Perhaps my least favourite word of 2020 is ‘unprecedented’. From company bosses to politicians and fund managers, all have have uttered it; so much so that it is the most overused word, especially as most of the population are aware that this year has been unprecedented.
Going into 2020 many were positive on the outlook, including me.
Boris Johnson had just been elected with a thumping majority, the threat of the hard left taking power had receded, and Brexit and [we were assured] Brexit was on the way to being sorted. Crucially, Covid-19 was unheard of.
We end 2020 in the UK with debt to GDP over 100 per cent, many employees still on furlough (another word that was unused at the start of the year), Brexit back in the headlines and the deepest and sharpest recession in history.
But ignoring that, how have portfolios fared in 2020? The short answer is they have performed admirably.
- The US and Japanese stock markets have performed strongly during the pandemic
- Governments have learnt to use fiscal tools to protect the economy
- Stock markets took longer to recover from the GFC and Black Wednesday in 1987
Looking at the year to date for various major indices first and there is a noticeable difference, not totally Covid-19 related, with the UK a clear laggard on a global scale.
The FTSE is down 10 per cent in 2020 – not great, admittedly, but returning to the previous paragraph we have had the sharpest and deepest recession ever and government debt is still rising.
So, a 10 per cent fall in that context is admirable. Europe has been a ‘so-so’ market, perhaps down to the politics of fighting Covid, but also the perceived old economic nature of European bourses.
The standout equity markets this year have been the US and Japan. US market performance has been nothing short of stellar, despite having a patchy record dealing with the pandemic and President Trump still not conceding the election.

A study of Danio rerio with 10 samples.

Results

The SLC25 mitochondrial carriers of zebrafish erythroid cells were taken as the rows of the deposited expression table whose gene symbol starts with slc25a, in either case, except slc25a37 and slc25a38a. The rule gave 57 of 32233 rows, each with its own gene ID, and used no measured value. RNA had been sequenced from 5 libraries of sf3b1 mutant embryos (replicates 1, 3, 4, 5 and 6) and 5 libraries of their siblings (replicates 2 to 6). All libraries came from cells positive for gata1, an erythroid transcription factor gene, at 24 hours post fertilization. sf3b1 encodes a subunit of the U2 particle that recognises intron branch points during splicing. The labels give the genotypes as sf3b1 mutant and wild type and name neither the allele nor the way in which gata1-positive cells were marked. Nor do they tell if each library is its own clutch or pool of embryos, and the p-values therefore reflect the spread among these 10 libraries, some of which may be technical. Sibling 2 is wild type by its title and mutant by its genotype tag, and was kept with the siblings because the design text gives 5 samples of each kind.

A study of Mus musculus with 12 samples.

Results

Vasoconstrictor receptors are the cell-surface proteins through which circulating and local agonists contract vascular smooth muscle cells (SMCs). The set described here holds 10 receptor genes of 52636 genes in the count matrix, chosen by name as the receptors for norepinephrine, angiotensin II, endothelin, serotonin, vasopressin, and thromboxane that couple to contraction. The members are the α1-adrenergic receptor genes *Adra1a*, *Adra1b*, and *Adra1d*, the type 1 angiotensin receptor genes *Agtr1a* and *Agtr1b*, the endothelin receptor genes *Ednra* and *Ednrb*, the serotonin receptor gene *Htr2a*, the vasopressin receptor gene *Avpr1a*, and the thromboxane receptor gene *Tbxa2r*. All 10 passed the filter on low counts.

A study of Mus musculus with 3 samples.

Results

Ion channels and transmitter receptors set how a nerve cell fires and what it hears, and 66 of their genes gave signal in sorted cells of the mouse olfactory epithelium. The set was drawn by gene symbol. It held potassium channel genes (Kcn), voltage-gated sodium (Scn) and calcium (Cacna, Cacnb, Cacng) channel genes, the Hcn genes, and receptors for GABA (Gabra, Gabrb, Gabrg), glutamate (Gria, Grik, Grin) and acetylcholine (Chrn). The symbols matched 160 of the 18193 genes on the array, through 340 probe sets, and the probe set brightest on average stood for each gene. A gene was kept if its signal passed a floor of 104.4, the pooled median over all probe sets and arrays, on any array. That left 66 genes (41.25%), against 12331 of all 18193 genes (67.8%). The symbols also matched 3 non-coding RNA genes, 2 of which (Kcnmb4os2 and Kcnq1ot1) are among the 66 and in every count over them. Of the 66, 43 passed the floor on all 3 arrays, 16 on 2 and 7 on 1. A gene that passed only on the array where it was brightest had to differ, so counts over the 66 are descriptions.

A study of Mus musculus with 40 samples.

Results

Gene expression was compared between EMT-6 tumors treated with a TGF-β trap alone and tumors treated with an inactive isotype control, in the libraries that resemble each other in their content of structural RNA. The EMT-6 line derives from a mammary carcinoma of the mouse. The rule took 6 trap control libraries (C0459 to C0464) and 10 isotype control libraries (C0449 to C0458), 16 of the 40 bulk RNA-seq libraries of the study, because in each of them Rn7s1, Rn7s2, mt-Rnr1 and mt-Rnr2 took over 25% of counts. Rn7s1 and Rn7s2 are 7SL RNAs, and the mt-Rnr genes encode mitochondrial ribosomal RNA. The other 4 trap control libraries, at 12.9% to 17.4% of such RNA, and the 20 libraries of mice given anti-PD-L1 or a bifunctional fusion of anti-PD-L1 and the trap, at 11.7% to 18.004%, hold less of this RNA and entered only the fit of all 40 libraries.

Stating the obvious, but US markets have done well due to some clear winners from enforced lockdowns and working from home: Amazon, Microsoft, Zoom – the list goes on. Many of these companies started the year on an expensive rating and are even higher now.
The US markets reached new all-time highs during November – the UK markets are 20 per cent off their highs and in no danger of record-breaking any time soon.
The other major winner from an equity perspective has been Japan. Unlike the US, it has had a good pandemic, with cases contained despite the elderly population.
It has also benefited from a flight to safety for the yen that often happens. However, probably the key reason for the performance is down to the quality and strength of corporate Japan.
Admittedly the data is a few months old (from Man GLG) but 56 per cent of Japanese-listed companies had net cash on the balance sheet (that is, more cash than debt) compared with 20 per cent in the UK and only 15 per cent for S&P-listed companies. This solidity has been vital in 2020.
From an Investment Association sector perspective, 33 of the 39 sectors have delivered positive returns thus far in 2020. Unsurprisingly five of the six negative performers are UK ones, with the Global EM Bond Local Currency sector the only other to lose money.